14
March
2019
|
17:53
Europe/Amsterdam

Vishing, smishing and phishing decoded—and how to avoid getting scammed

Vishing+NEWSCRED

They might just sound like niche hobbies, but vishing, smishing and phishing are no fun to be involved in! And if you don’t know what to look for, it’s surprisingly easy to fall prey to one of these scams.

But first, what do these weird words actually mean?

Generally speaking, “phishing” refers to any attempt by scammers to con people into handing over sensitive information that they can use to commit fraud. Nowadays, though, the term is often used to refer specifically to email phishing. If you're wondering why it's called “phishing”, no one knows for sure. The most likely theory is that it’s a combination of the words “fishing” (as in, “fishing for information”) and “phreak”, an early name for hackers.

Meanwhile, smishing and vishing are just types of phishing—via SMS for smishing, and via telephone (using the voice) for vishing. But, in all three cases, the scammer’s objective is to trick you into voluntarily giving them your personal data. So, to avoid getting scammed, you’ll need to know what to look for.

Email phishing

An email phisher wants you to hand over your details, either via an online form on a fake website or simply by replying to the email. They’ll usually do this by trying to make the email look like it came from a real company—such as a bank—and telling a story about why you need to provide your details, such as there being “a problem with your account”.

The most obvious giveaway is that a real company will never ask you to provide sensitive information, such as passwords or account numbers, via email or an online form apart from the one you usually use to log into your account. So, don’t do it.

Apart from this, there are a few other things to look out for:

  1. Do you know the company? If you’ve never been a customer, they wouldn’t want your details. Plus, they’d know your name—so, be wary of “Dear Sir/Madam”-type openers
  2. Does the sender look legitimate? Check the email address and any URLs the email wants you to click on. Do they look fake?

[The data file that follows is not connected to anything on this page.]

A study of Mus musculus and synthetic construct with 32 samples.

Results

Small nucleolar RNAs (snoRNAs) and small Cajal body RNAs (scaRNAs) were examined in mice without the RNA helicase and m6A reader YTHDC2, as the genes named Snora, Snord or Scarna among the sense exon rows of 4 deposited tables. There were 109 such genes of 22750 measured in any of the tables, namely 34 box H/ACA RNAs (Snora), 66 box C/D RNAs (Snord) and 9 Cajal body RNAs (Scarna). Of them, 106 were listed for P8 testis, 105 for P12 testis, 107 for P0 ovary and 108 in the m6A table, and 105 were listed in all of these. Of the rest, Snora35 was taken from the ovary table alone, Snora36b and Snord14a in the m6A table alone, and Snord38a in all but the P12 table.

3. Dodgy spelling, grammar and design A real company will rarely make these kinds of mistakes. So if the spelling and grammar are a little off, or the design is a little rough around the edges, chances are it’s a fraudster
  4. Promises of enormous wealth Never in the history of anything has anyone genuinely offered a random stranger vast sums of money if only they would provide their bank details
  5. Promises of doom Criminals like to use scare tactics. So, if they email suggests that something bad will happen or else, remember—it won’t

Smishing and vishing

Smishing often takes advantage of the speed of the smartphone with more fear tactics, pressuring you to immediately click a link or call a number—leading to vishing—to give your details.

Don’t do it. Instead, run through the steps above—most of which also apply to smishing—to see whether the text raises any red flags.

Vishing is often much easier to fall prey to, because a good visher can tailor their approach to your particular psychology in real time. So, to avoid getting taken in, it’ll help to bear four rules in mind:

  1. Don’t get into telephone conversations with strangers—that’s when they’ll try to manipulate you
  2. If you’re ever made to feel uncomfortable, don’t be polite—just hang up
  3. If you want to check whether the caller is genuine, say you’ll look up their company’s number and call them back. If they’re not genuine, you’ll know pretty quickly
  4. Don’t give out any information over the phone unless you called what you know to be a real number, and never give out your full password—a real company rep will only ask for a few characters

The Golden Rule

Whether its vishing, smishing or email phishing, and no matter what clever techniques they use to convince you of their authenticity, the scammer is ultimately relying on you giving up your details voluntarily. So, to avoid being taken in, there’s one Golden Rule you should always follow:

Never divulge any sensitive information unless you absolutely, totally, 100% know the request is genuine.

In short: If in doubt, don’t give it out. Because there’s nothing scammers hate more than someone who stubbornly refuses to be their victim. 

Are you up to date with the latest statistics and information about cybersecurity and public perception towards it? Check out Europ Assistance's 2019 Cyber and Digital survey for more information.